Determining Atomic Structures from Digitally Defined Regions of Nanocrystals
Presented by Marcus Gallagher-Jones, postdoc, Jose Rodriguez group, UCLA
The ability of molecules to form ordered assemblies is a crucial first step in preparing samples for structural characterization with atomic-level detail. For many complex molecules, the length scales to which this order extends is limited, thus hampering efforts to solve their structures. In our current work we attempt to overcome these challenges by extending recent developments in 4D-STEM. By combining 4D-STEM data collection with tomography we demonstrate that atomic structures of macromolecules can be solved from specific regions of polymer nanocrystals. In this method, scanning nanobeam electron diffraction tomography (nanoEDT), peptide nanocrystals are rotated about a tilt axis in one-degree steps. At each tilt angle a direct electron detector captures thousands of sparse diffraction patterns mapped to specific locations within a single crystal. The use of direct electron detection, in combination with data collection at cryogenic temperatures and a hybrid counting algorithm, allows even weak signals from high-resolution Bragg peaks to be accurately recorded from radiation sensitive crystals. NanoEDT breaks new ground in nanocrystallography by allowing atomic structures to be determined from any region of a nanocrystal through the use of virtual, selected-area apertures, potentially leading to the determination of atomic structures from heterogeneous or polycrystalline nanoassemblies.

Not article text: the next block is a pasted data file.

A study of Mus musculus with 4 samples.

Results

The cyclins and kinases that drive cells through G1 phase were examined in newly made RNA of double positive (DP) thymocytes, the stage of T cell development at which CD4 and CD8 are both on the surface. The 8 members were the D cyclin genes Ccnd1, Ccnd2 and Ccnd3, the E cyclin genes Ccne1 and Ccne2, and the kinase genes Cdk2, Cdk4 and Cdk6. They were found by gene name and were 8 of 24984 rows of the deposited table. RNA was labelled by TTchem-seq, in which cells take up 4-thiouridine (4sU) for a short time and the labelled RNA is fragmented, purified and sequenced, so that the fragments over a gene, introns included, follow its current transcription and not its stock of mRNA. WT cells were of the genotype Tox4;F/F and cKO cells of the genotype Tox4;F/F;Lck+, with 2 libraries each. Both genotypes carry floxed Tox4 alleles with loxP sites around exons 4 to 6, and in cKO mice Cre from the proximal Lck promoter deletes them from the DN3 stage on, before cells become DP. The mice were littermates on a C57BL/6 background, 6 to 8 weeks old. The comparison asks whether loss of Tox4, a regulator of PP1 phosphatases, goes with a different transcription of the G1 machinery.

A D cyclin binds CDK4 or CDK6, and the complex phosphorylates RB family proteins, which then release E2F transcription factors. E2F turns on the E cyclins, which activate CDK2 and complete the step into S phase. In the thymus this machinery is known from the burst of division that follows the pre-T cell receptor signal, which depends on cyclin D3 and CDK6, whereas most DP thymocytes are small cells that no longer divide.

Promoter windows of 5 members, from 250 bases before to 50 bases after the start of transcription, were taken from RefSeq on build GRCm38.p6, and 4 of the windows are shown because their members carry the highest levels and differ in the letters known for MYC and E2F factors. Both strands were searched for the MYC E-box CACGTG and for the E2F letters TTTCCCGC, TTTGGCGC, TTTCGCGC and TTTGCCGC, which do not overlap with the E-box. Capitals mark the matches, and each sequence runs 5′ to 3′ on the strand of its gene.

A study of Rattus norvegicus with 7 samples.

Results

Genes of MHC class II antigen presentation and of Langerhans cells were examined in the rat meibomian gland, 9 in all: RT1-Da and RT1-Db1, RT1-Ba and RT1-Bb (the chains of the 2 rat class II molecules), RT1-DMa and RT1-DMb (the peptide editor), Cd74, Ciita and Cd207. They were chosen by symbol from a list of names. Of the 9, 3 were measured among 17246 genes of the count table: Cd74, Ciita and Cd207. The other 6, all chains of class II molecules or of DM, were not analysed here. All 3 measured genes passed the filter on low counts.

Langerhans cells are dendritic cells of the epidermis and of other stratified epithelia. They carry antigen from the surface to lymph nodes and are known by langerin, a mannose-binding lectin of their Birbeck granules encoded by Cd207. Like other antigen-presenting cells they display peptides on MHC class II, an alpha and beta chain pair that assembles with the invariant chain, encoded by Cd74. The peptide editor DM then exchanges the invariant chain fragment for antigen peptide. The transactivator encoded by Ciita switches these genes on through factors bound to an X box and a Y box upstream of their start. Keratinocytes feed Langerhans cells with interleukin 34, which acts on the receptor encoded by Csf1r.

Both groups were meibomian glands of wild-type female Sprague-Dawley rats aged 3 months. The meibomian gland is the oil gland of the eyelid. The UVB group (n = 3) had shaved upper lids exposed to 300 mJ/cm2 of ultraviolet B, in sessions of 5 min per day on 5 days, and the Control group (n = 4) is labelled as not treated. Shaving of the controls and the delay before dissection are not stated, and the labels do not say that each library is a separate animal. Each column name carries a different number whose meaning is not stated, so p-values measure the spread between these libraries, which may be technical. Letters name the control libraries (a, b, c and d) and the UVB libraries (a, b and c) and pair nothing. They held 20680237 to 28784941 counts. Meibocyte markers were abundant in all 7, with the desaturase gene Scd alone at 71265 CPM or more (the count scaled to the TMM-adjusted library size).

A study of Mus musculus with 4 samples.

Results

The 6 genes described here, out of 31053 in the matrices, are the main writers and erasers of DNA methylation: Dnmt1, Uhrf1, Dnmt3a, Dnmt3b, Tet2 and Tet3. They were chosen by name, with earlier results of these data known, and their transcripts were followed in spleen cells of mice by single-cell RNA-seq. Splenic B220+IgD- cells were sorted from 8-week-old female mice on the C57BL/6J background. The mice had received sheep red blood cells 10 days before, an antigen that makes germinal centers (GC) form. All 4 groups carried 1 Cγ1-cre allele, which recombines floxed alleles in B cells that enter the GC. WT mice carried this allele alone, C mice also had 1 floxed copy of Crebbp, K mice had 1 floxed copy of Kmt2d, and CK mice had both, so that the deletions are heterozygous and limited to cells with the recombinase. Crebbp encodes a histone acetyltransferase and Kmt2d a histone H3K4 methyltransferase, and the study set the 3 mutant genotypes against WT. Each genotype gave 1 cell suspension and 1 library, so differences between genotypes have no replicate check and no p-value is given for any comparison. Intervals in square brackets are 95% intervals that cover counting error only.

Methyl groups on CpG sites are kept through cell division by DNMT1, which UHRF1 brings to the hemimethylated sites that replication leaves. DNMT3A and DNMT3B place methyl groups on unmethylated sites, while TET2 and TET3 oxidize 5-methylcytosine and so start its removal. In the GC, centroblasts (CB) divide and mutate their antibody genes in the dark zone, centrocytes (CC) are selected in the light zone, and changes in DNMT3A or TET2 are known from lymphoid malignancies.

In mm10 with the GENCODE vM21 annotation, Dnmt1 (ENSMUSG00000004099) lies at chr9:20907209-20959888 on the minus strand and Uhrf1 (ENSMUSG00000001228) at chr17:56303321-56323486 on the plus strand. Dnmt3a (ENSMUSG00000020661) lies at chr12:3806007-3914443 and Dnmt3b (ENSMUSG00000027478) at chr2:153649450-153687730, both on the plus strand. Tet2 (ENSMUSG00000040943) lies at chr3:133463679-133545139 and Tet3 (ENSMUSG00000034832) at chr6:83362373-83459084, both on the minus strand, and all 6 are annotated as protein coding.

High resolution imaging through scattering media
Presented by Sakshi Singh & Evolene Premillieu, graduate students, Rafael Piestun group, CU Boulder
Imaging through scattering media is a critical area with impact in biological and biomedical research. While most current research focuses on achieving the highest possible resolution, in practice, scattering is often the main limitation. Scattering diffuses light, leading to a reduction in contrast and signal-to-noise ratio, which makes imaging impractical. The implications of this study span all imaging modalities from visible light to electron beam. One approach to deal with scattering involves characterizing the medium by measuring its transmission Matrix (TM). Once the TM is acquired, imaging and focusing inside the medium become feasible. Here we present two critical advances in this field. The first involves TM measurement using fluorescence (namely incoherent light) as feedback, allowing to focus light on an extended field of view behind a scatterer. Secondly, we demonstrate a huge step up in the imaging speed with the help of a grating light valve (GLV) that enables rapid and continuous focusing through scattering media at a record speed.